Viola Davis with her Oscar. Credit: AP

Viola Davis has won the best supporting actress Academy Award for her role in Fences.

Davis won for her portrayal of a mother determined to hold her family together despite the rages of her husband, who is played by best actor nominee Denzel Washington.

The Oscar win comes in a role that Davis previously won a Tony Award for when she starred opposite Washington in a Broadway revival of "Fences."

The film is the first big-screen adaptation of an August Wilson play.

Davis said in her acceptance speech, "Here's to August Wilson who exhumed and exalted the ordinary people."

She also praised Washington and her parents, breaking down in tears.

Meryl Streep gets standing ovation after Trump jibe

The audience applauded Streep at the Oscars. Credit: AP

Meryl Streep received a standing ovation at the Oscars - weeks after being called "highly overrated" by US President Donald Trump.

Host Jimmy Kimmel asked the audience to applaud the three-time Oscar winner, who has been nominated at the awards a whopping 20 times.

Streep looked emotional as the audience stood up. Credit: AP

Taking a swipe at Trump's comments, Kimmel said: "We're also here to honour the actors who seem great, but actually really aren't.

"And of all the 'great actors' here in Hollywood, one in particular has stood the test of time for her many uninspiring and overrated performances.

"Meryl Streep has phoned it in for more than 50 films over the course of her lacklustre career. This is Meryl's 20th Oscar nomination.

"Meryl, stand up if you would. Everybody, please join me in giving her a totally undeserved round of applause, will you? This highly overrated Meryl Streep everyone."

This year Streep is up for Best Actress for the film Florence Florence Foster Jenkins.


Jimmy Kimmel hosting this year's Oscars. Credit: AP

The Oscars host Jimmy Kimmel thanked President Donald Trump for making the Oscars appear less racist as he opened the 89th Academy Awards.

The talk show host said he knew the country was divided and he had been encouraged to say something that would unite people.

Opening the show, he said the ceremony was being watched around the world by "countries that now hate us".

He added: "The country is divided right now, I've been been getting advice that I need to say something to unite us.

"Let me say something. I can't do that. There is only one Braveheart in this room and he's not going to do that either."

He added: "I want to say thank you to President Trump. Remember last year when it seemed like the Oscars were racist? It's gone!"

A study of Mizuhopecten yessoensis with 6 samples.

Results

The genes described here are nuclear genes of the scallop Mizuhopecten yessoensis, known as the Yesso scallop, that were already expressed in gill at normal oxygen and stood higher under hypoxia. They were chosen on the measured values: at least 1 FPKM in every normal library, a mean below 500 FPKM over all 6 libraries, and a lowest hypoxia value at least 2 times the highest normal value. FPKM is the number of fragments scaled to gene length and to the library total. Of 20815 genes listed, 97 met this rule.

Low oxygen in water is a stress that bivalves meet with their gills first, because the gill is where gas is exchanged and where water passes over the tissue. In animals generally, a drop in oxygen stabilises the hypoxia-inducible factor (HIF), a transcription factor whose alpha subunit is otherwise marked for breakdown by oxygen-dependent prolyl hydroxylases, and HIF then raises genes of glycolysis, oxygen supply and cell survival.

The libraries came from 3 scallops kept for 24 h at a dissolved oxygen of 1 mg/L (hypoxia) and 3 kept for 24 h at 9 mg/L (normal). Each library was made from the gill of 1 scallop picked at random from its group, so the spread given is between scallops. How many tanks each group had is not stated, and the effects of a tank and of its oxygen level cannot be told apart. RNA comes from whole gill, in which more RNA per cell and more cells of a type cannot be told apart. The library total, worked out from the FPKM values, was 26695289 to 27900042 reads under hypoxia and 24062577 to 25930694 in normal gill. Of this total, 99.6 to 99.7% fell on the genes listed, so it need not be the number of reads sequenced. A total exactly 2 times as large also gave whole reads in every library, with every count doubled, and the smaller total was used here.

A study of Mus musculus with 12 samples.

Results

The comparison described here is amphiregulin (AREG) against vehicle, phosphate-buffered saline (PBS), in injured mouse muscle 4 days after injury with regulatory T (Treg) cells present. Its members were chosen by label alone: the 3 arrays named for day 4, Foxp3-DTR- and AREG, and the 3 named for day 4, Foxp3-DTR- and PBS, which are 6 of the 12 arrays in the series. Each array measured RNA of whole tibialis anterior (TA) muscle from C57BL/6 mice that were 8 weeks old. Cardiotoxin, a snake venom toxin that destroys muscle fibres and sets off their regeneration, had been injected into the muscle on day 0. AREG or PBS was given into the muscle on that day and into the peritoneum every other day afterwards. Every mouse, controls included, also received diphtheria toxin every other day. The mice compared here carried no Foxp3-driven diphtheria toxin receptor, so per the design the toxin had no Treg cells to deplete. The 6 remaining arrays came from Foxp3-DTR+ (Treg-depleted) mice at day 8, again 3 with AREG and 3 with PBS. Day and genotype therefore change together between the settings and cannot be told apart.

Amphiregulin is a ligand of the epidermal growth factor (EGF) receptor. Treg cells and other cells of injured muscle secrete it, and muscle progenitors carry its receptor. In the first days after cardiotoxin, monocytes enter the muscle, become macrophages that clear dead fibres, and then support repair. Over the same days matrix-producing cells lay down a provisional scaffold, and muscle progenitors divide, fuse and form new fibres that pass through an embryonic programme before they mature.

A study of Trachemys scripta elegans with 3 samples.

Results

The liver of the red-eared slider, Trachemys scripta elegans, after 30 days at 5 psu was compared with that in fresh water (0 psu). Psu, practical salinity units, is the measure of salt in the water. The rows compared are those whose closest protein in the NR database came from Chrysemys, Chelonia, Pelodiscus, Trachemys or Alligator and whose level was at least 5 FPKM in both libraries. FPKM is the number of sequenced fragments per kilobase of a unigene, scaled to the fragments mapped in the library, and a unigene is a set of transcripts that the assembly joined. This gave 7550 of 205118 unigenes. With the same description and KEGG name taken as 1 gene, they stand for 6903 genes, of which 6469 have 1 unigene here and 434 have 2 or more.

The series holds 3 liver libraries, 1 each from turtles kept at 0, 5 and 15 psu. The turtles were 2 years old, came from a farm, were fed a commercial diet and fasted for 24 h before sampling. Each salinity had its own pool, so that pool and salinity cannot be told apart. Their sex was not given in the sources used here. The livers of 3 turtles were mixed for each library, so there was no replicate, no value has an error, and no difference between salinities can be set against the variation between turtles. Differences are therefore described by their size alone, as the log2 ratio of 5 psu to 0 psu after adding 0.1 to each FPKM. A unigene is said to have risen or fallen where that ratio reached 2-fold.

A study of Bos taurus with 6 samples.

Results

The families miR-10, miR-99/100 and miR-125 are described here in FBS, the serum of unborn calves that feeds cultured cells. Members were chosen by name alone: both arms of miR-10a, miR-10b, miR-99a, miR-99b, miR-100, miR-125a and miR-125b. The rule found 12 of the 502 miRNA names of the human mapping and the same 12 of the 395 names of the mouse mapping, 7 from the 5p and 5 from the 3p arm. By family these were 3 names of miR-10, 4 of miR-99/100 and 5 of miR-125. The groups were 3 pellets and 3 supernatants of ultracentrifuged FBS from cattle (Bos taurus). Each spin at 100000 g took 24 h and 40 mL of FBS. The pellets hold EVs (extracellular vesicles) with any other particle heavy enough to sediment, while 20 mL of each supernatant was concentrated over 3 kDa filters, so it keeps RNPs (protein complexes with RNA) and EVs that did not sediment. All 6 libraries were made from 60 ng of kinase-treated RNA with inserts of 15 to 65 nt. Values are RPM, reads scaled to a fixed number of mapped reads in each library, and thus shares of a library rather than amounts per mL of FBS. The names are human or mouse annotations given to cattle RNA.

O.J.: Made In America wins best documentary feature

O.J.: Made In America, the eight-hour documentary about OJ Simpson, has won best feature-length documentary at the Academy Awards.

Director Ezra Edelman collected the gong paying tribute to murder victims Ron Goldman and Nicole Brown Simpson, saying: "I want to acknowledge that I wouldn't be standing here if it weren't for Ron Goldman and Nicole Brown.

"This is for them and their families. This is also for others who are the victims of violence, police brutality and racially motivated violence, this is for them and I'm honoured to accept it on all of their behalves."

Mahershala Ali wins best supporting actor

Mahershala Ali made history by becoming the first Muslim actor to win an Oscar. Credit: AP

Mahershala Ali has won the best supporting actor at the 2017 Academy Awards for Moonlight.

Ali has made Oscar history after becoming the first Muslim actor to win an Academy Award.

The 43-year-old won for his first Oscar-nominated role, in which he plays a Miami drug dealer who mentors a young boy who is being teased and bullied.

It has been a breakout year for Ali, who starred on the Netflix series "Luke Cage" and also had a role in another Oscar-nominated film, "Hidden Figures."

Ali paid tribute to his teachers and "Moonlight" director Barry Jenkins in his acceptance speech and thanked his wife, who gave birth to their daughter four days ago.

Why stars are wearing blue ribbons at the Oscars

Ruth Negga, Karlie Kloss and Lin-Manuel Miranda on the red carpet with the blue ribbon. Credit: AP

This year's Oscars is likely to be one of the most politically charged in the history of the Academy Awards.

Some stars including Ruth Negga, Karlie Kloss and Lin-Manuel Miranda, have arrived on the red carpet wearing blue ribbons supporting the American Civil Liberties Union.

The support shown through wearing the ribbons is in the wake of President Trump’s controversial travel ban.

Others, including documentary nominee Ava DuVernay and best actor nominee Andrew Garfield, say art is inherently political and winners should express their feelings about the current political climate if they wish.